Student Pro Bono Hours


During winter and spring break, UNC Law students go on trips outside the Triangle to offer pro bono services across North Carolina.

How to Log Your Pro Bono Hours.

Why Log Your Pro Bono Hours?

It Helps You

ABA Model Rule 6.1 encourages all lawyers to commit at least 50 hours per year to Pro Bono work. When you do Pro Bono work as a lawyer, you will have to keep track of those hours – start practicing now while you are a student! This practice will mean that upon graduation, you will have a written record to point to if needed by your future state bar or employer.

Furthermore, students who log more than 50 hours of Pro Bono work will receive a notation on their transcript. Students who perform more than 75 hours by the end of the third year receive an award during the Pro Bono Publico Awards and students who perform more than 100 hours by the end of their third year are recognized at graduation. Finally, Pro Bono work gives students practical experience often not found in doctrinal classes.

It Helps the Community

There is a great need for free legal services in the North Carolina community and beyond. Knowing how students are consistently participating in Pro Bono work allows area attorneys to confidently offer more Pro Bono projects, projects that reach unmet legal needs in our own backyard.

It Helps the Pro Bono Program

Having an accurate record of student involvement lets the UNC Pro Bono Program better evaluate student opportunities for involvement, enabling us to provide even more meaningful student Pro Bono experiences in the future.

It Helps UNC Law

Being able to point to an accurate record of student participation lets UNC Law better communicate with attorneys and alumni, which in turn provides more opportunities for student networking and professional development. Additionally, a strong showing of Pro Bono hours helps the school continue to encourage qualified, compassionate students to apply.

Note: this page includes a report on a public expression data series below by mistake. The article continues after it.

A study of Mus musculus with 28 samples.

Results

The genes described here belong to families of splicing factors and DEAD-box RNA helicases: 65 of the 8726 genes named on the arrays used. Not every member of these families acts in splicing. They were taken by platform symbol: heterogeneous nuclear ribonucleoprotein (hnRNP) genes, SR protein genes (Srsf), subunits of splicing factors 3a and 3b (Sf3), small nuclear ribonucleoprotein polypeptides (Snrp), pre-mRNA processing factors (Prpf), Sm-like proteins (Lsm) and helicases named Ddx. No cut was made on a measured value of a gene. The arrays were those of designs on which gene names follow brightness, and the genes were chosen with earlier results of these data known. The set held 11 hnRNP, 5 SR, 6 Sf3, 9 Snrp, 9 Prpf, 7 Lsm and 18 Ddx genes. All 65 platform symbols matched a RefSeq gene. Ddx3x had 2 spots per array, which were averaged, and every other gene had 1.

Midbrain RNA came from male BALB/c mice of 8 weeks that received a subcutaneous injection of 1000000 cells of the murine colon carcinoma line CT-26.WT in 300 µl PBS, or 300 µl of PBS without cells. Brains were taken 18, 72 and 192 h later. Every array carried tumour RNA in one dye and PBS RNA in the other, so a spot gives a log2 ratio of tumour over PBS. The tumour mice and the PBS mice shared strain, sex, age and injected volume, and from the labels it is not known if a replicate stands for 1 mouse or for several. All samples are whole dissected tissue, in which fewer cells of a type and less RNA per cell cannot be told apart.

What Counts for Pro Bono Hours?

There are four requirements for your project to qualify as Pro Bono:

  1. You must engage in law-related activities.
  2. Your work must be supervised or approved by a lawyer. This requirement includes, at a minimum, a lawyer's review of your work product.
  3. The services must be provided to the client for free or at a substantially reduced rate (whether reduced rate work will qualify as Pro Bono depends on several factors, including the actual rate being charged the client, whether the attorney would bill for work performed by law students, the economic factors preventing the client from obtaining full-rate service, and the population affected by the legal issues involved).
  4. The activities must be on behalf of person(s) of limited financial means, person(s) with limited access to legal representation, or a nonprofit, civic, community, religious, governmental or community organization.

You may log hours for trainings, but only after work for a client or the organization has begun. Furthermore, travel time to and from a Pro Bono site and time spent doing research for a project may also be counted.

In addition, there are certain activities that do not qualify as Pro Bono regardless of whether they meet the above requirements. Work done for law journals, work resulting in submission of writing into a competition or a journal, work relating to symposiums, conferences and panel discussions, any activities pertaining to fundraising, work required for enrollment in a clinic or externship, and any electioneering activities done for a partisan organization where the main objective is to elect a specific candidate, do not qualify as Pro Bono.

Finally, during the summer, you may receive up to 25 hours of Pro Bono credit for law-related activities provided for free or at a substantially reduced rate to clients of limited financial means, limited access to legal representation, or non-profit, civic, community or governmental organizations. You must earn less than one and a half times the minimum wage of the jurisdiction where the work is being done for the time in which you are providing Pro Bono services.